Finding and correcting hamstring-quadriceps imbalance is absolutely vital for injury prevention and reaching your full fitness potential. One study published in the American Journal of Sports Medicine found that 70 percent of athletes with recurrent hamstring injuries suffered from muscle imbalances between their quadriceps and hamstrings. After corrective strengthening and stretching of the hamstrings the imbalances every person in the study went injury-free for the entire 12-month follow-up. Don’t let weak or tight hamstrings develop into injury and limit your fitness potential.
|Muscle imbalance results from weakness, poor flexibility and inadequate endurance in either the agonist or the antagonist.
Single-Leg Stiff Leg Deadlift
This is an awesome hamstring exercise you can do at home or at the gym. Its a single leg stiff legged deadlift
- In the start position you are standing as straight and upright as you can with your shoulders held back and your chest thrust out. Most or all of your weight is on the foot closest to the kettlebell. The knee is bent slightly and will remain immobile like this the whole time, no bouncing up and down with the leg.
- As you go down slowly, the trailing leg is straight and in line with your torso. The chest remains thrust out and the shoulders held back. The torso is held immobile in this neutral position the whole time, no rounding or arching. To balance, remember that your arm holding the kettlebell is the primary balancing tool, don’t try to do all the balancing with your foot.
- Go down as far as you can to get a good stretch and hold it at the bottom – feel the stretch. If you are very limber you will have to do this standing on a sturdy footstool or block of wood.
This is a great movement for helping balance your lower backside and frontside muscles. Remember, the posterior chain (lower backside muscles) has the greatest overall effect on your athletic performance.
Box heights can range anywhere from 6-24 inches to get you to parallel, depending on your height and anatomical structure.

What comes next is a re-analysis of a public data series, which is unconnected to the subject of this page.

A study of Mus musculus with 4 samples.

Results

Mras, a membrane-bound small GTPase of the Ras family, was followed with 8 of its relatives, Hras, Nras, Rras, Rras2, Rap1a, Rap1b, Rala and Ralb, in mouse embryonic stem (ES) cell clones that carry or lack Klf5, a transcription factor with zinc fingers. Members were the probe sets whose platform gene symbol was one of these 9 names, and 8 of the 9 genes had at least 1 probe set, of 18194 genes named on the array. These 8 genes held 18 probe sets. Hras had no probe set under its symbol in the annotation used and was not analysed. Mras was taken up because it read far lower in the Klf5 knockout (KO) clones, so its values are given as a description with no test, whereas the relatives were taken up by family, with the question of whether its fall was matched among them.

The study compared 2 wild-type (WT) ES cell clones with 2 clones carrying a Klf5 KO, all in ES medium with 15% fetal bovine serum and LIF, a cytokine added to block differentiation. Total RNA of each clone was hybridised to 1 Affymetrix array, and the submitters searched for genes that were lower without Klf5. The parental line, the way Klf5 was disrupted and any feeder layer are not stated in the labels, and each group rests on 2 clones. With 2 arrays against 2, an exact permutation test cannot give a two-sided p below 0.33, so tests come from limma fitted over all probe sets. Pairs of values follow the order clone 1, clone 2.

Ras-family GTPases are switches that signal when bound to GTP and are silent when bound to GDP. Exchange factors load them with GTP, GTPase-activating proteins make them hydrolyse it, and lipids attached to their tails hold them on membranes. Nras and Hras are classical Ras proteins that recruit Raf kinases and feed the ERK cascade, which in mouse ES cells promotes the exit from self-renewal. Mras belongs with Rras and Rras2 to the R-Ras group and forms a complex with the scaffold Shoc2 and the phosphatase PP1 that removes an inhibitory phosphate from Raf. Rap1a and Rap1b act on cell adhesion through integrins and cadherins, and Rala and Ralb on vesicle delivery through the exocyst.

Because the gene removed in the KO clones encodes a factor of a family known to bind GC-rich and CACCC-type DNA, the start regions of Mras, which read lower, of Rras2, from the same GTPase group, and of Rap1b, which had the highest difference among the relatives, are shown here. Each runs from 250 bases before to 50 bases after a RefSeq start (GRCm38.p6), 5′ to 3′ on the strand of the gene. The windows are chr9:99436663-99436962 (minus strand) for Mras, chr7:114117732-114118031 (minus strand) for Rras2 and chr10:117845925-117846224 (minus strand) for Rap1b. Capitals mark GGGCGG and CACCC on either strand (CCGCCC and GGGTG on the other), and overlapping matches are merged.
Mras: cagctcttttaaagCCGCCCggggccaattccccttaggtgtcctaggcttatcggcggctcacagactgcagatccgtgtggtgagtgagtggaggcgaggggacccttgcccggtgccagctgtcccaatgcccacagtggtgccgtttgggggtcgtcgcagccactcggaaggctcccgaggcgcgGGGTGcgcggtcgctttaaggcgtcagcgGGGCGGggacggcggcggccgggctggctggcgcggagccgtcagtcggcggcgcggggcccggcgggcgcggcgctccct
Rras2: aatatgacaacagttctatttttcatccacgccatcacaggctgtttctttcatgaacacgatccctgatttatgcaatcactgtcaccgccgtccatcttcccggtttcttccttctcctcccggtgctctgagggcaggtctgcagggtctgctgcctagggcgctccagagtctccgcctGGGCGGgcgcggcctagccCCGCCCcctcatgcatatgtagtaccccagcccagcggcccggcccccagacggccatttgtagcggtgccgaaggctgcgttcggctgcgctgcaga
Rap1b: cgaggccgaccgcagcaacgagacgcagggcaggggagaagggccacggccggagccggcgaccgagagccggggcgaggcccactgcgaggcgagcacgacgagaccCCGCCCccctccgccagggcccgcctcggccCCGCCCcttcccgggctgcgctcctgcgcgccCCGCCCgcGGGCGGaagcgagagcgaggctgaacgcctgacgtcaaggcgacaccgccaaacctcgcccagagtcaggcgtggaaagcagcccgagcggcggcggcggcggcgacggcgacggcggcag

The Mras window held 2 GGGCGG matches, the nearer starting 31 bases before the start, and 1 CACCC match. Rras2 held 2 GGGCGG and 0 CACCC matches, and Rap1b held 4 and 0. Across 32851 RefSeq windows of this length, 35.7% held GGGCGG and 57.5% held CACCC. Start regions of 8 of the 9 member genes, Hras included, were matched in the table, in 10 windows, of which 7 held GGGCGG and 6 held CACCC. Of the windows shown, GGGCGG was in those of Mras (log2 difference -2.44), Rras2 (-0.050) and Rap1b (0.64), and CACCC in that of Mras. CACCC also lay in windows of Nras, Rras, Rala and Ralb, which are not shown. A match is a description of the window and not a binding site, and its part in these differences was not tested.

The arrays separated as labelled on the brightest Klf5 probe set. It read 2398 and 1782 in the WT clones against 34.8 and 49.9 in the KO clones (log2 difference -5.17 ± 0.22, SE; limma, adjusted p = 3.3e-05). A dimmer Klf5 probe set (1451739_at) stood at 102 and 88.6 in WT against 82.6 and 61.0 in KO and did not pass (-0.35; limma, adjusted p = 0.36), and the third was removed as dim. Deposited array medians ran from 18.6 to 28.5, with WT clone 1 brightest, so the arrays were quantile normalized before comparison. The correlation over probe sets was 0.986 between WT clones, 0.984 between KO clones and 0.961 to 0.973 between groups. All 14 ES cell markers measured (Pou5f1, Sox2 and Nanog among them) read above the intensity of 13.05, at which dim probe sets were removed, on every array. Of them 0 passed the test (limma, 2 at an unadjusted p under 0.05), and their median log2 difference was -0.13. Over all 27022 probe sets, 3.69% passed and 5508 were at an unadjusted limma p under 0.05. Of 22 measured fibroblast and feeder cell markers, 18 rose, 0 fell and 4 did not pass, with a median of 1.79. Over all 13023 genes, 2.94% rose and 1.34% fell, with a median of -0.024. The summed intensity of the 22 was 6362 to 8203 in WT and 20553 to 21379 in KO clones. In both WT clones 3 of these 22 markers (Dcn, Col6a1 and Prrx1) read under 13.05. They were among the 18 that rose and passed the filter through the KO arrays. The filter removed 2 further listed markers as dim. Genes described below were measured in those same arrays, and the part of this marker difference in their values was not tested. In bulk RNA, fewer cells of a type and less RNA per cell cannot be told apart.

- Position the bar on the back of the shoulders, taking a wide grip on the bar (if using a barbell).Carefully dismount the barbell, take a step backwards so you’re in front of the box, and position the feet at a suitable width stance.
- Torso should remain erect, eyes fixed in front of you.
- Descend with the barbell by bending at the knees and hips, keeping good posture throughout the exercise.
- Stop descending once your backside touches the box. Do not sit on the box.
- Push through the heels, extending the legs and hips to ascend back to the starting position.
- Repeat for the desired number of repetitions.
This exercise works the hamstrings (the muscles situated at the backs of the thighs).
- Fully extend your legs with ankles on top of a cushioned pad and your back at right angles to your legs.
- Slowly bend your legs so that you’re in a normal sitting position, pause, then return your legs to their outstretched staring position. Remember to exhale as you lift the weights and inhale as you lower them.
- The whole exercise should take around four to six seconds.
- On a flat or inclined step or platform, lie facedown with hips on the edge of the step, legs straight out behind you with toes resting lightly on the floor.
- Squeeze the glutes and hamstrings and straighten the legs until they are level with the hips.
- Hold for 2-3 seconds, and lower letting toes lightly touch the floor.
- Repeat for 2-3 sets of 8-12 repetitions.
Lower Half Lunge
- Start in a lunge position with your back knee on the ground.
- Keeping your chest up, torso straight and belly pinned to the spine, bring your knee off the ground until you’re halfway up. Then go back to the ground.
- Do 15 pulses each leg and perform slowly for best results.
A quad-hamstring muscle imbalance is hard to rectify. Once you injure your hamstrings, it can take weeks or months to heal. Unless you take action to strengthen your hamstrings, you are vulnerable to reinjuring your hamstrings.